For his math classes Simon has been studying inequalities with Khan Academy. He got so inspired to connect math and programming that he went straight ahead and created his own “inequalities machine” after today’s math lesson:



He also explained the three ways to describe inequalities to me at the playground. I loved the one involving infinity. He said infinity can never be written on the left-hand side, because it will be considered negative infinity then and less than a given number, while infinity is greater than any given number:



3 thoughts on “Inequalities

  1. nominated for “one lovely blog” award:

    basically you post 7 things about yourself and nominate “up to 15” other bloggers. (thats recursive, so if you want to turn this into another coding lesson…)

    from the nomination: “antwerpenhomeschooling: follow the exploits of a super-awesome teacher and simon (or mostly, its simon,) a kid genius who can probably out-code me already.” hey, at this point i really wouldnt be surprised πŸ™‚


    1. Forgot to thank you for this, we were very flattered! One thing I should clarify: I’m not really his teacher. Not in coding anyway. I don’t really understand anything in programming. I’m just recording his autodidactic learning process, facilitating it with tools and helping out sometimes when I can do something better as an adult. But he is much more advanced than I can ever aspire to become. Even his English (one thing I am good at) he learned himself, from video tutorials in the course of the past several months. He could speak very little English last year.

      Liked by 1 person

      1. “I don’t really understand anything in programming.”

        have simon teach you! no joke, teaching a subject is a great way to reinforce learning. although he should (at this rate) be able to outcode me by age 12 πŸ™‚ im nearly 40.

        “I’m just recording his autodidactic learning process, facilitating it with tools and helping out sometimes”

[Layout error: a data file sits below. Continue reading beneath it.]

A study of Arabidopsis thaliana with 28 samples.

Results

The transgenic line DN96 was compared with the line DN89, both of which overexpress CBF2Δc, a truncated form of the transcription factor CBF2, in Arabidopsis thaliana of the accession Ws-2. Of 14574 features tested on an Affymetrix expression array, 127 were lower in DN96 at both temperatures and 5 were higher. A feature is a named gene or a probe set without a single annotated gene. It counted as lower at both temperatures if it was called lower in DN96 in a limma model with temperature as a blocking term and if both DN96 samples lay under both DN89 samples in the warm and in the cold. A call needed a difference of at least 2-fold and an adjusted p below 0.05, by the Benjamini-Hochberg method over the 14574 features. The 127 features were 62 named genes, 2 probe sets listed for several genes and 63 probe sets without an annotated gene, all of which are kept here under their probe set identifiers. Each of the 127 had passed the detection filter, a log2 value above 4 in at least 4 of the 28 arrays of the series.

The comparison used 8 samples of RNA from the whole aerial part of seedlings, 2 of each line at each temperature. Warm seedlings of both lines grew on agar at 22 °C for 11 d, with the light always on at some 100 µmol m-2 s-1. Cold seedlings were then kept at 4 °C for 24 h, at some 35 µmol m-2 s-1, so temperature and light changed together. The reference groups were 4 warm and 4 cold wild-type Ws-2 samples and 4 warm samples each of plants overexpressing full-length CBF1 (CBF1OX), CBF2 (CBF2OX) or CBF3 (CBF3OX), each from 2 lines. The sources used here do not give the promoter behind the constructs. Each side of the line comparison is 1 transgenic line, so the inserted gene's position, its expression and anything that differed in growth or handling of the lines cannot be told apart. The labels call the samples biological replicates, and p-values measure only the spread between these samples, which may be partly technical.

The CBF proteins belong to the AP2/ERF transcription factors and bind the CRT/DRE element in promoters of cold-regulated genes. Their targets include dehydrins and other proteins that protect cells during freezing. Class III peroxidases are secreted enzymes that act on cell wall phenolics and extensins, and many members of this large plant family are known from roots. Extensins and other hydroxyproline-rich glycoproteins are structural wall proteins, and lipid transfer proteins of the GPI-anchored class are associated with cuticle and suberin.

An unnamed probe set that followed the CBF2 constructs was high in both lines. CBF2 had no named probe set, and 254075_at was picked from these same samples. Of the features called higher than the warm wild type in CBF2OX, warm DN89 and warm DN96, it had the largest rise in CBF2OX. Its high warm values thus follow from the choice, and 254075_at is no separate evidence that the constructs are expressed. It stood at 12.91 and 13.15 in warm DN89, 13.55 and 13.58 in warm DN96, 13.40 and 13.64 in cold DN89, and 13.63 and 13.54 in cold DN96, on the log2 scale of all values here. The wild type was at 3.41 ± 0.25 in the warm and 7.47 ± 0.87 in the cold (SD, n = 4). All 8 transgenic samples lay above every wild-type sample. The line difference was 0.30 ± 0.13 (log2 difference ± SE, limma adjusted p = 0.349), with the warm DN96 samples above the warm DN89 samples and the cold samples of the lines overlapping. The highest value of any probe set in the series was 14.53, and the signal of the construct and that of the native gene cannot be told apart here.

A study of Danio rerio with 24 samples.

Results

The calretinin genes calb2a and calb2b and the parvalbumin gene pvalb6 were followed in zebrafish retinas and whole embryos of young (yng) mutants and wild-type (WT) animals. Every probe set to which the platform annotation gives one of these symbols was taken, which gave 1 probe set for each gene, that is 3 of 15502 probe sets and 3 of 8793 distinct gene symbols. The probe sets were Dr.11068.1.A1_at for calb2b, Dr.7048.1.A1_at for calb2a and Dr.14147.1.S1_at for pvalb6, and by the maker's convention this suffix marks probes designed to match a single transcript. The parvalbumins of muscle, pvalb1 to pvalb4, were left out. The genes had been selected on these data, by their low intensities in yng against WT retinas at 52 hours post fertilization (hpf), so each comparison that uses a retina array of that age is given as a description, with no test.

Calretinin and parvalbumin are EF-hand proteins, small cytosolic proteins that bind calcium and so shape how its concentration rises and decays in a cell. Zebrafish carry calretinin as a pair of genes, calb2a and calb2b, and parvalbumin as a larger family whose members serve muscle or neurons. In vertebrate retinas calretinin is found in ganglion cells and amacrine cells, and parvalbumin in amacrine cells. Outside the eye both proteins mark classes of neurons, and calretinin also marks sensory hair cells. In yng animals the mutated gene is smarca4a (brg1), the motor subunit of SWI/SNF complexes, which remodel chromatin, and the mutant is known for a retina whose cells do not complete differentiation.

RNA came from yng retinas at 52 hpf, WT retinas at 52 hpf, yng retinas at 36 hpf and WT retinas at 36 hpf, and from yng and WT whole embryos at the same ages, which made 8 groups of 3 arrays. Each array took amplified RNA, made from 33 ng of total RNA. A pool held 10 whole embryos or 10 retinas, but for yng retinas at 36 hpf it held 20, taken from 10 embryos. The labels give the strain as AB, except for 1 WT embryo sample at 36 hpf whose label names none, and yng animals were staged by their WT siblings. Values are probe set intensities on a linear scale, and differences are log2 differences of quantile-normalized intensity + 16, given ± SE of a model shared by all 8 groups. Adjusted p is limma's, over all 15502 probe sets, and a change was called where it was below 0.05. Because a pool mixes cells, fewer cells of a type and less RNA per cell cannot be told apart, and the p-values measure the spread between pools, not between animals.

cool. i taught myself coding when i was 5 (what simons doing is wayyyy more advanced than what i did at 7) and i like user-friendly programming languages the best. ive coded in javascript and php, but it amazes me what tedious and difficult things kids teach themselves now– with simon in particular.

        let me quickly explain what fig is, in case you want to play with it (its a single python file) or simon may want to teach you with it.

        this “everyone can code” business tastes just like the 1980s. before we outsources all our programming in the 90s, coding was the future (like it is now.) and i always wanted to share this love with other people, but python (tried using that) and even basic (tried that too) have lots of unimportant details, like sigils (here is one$) that people get distracted or slowed down by.

        ive always been inspired by basic and logo, and wondered what a language would be like if it had the simplicity (almost no syntax or punctuation required) of logo and the all-purpose functionality of basic.

        fig is a language i made for teaching coding to everyone, including people that dont have simons level of tenacity or patience.

        if you dont understand coding, i designed it for you πŸ™‚ simon can find it here

        he may also like my post on how to write a programming language (only 3080 words):

        p.s. what you *are* doing is one of the most important (and often neglected) parts of teaching.